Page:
We must debate charging for regulation, says Charity Commission chief


The Charity Commission is expected to propose asking the largest 2,000 charities in England and Wales to contribute a total of about £7m a year to boost the regulator’s resources and help it increase the support it provides to trustees, its chief executive has indicated.

In a blog post published by the commission today, Helen Stephenson says that although she expects the debate with the sector over charging charities to be a heated one, it must be had.

The commission’s suggestion that it would charge charities for its services have already been opposed by some charity umbrella bodies, with the charity leaders body Acevo, the Charity Finance Group, the Small Charities Coalition and the local infrastructure body Navca setting out their opposition to what they called a “charity tax” in a letter to the Treasury last month.

Stephenson says in her blog today that in the three months since she started as chief executive of the regulator the pressure on its finances are one of two main areas she wants to address in the years ahead – the other being improving its services for trustees.

She says the commission’s budget – which is frozen at £20.3m a year until 2020 – has halved in real terms since 2007, while applications for charity registrations have increased by 40 per cent over the past four years.

If the regulator is to continue to prioritise the issues and cases presenting the highest risks to charities and to public trust, then its ability to deal with lower-risk work will decline and the service it provides to charities could become slower, says Stephenson.

She says she is making the case to government for transitional funding to help it bridge the gap between the regulator’s funding and the “significant increase in demand on our services”.

But she says that the context of continued pressure on public finances and the regulator’s desire to provide more support for trustees has led her to conclude that the commission “must start a sensible, open debate about larger charities making a modest contribution to the cost of parts of their regulation”.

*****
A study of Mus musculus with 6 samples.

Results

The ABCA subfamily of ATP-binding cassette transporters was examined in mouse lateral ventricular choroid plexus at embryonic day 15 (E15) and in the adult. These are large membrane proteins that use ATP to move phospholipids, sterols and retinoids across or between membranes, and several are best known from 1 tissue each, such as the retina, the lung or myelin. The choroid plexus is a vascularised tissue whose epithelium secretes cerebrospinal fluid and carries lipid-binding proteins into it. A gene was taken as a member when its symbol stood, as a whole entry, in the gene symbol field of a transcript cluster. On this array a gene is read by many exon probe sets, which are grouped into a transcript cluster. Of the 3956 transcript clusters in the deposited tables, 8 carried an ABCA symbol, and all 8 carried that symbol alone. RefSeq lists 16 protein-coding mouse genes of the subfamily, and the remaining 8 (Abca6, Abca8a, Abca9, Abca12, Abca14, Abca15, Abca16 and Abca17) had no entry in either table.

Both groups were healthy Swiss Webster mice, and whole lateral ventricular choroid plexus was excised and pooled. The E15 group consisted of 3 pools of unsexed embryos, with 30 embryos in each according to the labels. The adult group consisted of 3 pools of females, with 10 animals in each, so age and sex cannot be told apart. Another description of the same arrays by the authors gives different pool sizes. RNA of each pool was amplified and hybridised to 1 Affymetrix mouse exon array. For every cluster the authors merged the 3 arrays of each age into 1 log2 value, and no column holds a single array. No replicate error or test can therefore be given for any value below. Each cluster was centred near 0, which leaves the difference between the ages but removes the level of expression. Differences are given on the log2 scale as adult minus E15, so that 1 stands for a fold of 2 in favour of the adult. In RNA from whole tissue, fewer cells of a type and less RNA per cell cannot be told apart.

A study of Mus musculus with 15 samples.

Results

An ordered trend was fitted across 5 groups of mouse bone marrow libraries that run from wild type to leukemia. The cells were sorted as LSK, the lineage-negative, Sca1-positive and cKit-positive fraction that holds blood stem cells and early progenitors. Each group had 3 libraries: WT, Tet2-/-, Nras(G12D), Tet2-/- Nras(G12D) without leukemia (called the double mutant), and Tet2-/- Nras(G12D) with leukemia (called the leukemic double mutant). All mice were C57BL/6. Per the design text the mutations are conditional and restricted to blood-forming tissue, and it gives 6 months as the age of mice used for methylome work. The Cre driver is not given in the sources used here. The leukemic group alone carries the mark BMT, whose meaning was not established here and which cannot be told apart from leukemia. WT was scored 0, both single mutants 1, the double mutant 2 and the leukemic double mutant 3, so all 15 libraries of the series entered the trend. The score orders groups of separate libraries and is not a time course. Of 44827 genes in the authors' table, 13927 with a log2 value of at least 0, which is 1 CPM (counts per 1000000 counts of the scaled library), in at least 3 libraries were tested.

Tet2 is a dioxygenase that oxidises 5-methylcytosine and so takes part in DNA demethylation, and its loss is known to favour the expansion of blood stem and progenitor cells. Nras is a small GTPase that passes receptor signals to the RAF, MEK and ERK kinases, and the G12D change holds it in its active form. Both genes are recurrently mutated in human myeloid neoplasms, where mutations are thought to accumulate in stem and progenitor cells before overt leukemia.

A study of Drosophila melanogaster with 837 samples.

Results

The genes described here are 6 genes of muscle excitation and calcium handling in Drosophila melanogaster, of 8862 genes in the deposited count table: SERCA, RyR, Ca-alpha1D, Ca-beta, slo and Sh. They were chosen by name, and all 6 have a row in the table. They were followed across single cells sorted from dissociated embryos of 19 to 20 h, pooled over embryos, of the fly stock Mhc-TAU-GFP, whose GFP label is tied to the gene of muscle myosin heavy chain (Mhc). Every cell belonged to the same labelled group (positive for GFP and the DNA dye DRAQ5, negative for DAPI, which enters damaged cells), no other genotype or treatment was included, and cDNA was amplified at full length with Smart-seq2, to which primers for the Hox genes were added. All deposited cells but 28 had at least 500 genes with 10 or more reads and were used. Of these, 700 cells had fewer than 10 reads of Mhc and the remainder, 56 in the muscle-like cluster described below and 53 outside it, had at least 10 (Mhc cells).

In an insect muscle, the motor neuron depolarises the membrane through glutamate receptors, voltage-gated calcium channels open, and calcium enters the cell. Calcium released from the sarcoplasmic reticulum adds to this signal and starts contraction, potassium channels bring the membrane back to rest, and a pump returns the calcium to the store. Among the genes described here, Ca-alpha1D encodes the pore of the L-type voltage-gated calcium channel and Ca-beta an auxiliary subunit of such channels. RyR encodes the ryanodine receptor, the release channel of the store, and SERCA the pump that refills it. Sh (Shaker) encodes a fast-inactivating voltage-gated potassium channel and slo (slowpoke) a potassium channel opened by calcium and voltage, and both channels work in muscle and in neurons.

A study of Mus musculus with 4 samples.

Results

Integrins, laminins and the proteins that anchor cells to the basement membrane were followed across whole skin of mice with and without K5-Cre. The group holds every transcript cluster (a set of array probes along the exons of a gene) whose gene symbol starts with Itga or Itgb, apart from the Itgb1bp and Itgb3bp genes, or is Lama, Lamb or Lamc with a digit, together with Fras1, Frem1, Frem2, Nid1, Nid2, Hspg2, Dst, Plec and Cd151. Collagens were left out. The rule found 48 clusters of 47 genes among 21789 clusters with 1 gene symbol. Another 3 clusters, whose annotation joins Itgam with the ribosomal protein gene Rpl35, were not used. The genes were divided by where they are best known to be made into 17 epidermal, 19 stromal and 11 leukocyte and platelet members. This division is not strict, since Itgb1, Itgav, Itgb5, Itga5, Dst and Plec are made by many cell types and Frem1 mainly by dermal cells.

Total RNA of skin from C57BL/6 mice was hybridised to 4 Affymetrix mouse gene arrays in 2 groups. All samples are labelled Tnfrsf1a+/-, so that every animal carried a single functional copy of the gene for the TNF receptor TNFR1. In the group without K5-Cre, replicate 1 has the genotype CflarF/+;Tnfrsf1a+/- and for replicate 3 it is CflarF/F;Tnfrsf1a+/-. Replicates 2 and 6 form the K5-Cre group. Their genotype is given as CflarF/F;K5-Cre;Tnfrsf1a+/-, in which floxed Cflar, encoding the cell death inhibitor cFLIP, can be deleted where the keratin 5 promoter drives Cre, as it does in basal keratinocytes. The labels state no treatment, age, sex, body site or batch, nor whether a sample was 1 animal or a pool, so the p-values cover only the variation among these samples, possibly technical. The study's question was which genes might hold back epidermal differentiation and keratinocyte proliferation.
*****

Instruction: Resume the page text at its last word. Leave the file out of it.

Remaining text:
Stephenson says work on charging proposals is at an early stage, “but our current thinking is that in order to improve our existing services and develop new services for trustees, we would need to raise in the region of £7m annually from the largest 2,000 charities on our register”, which is likely to be on a sliding scale according to each charity’s annual income.


Stephenson says she is realistic about the timescales involved in developing a charging system, which would require legislation to be pushed through an already crowded parliamentary calendar dominated by Brexit.

She says the regulator needs more resources so it can develop and improve its services to trustees.

“It must continue to become easier to do business with us,” she writes. “We must be more available and accessible with advice and guidance for individual trustees.

“Charity trustees are, after all, overwhelmingly volunteers who are well-intentioned and passionate about the causes they espouse for the public benefit.

“The public needs a regulator that can call out bad practice, but to secure the continued success of the charity sector we also need a regulator that is able to help trustees get it right. We need to recognise trusteeship as a national treasure that we must look after, grow, enable into the future.”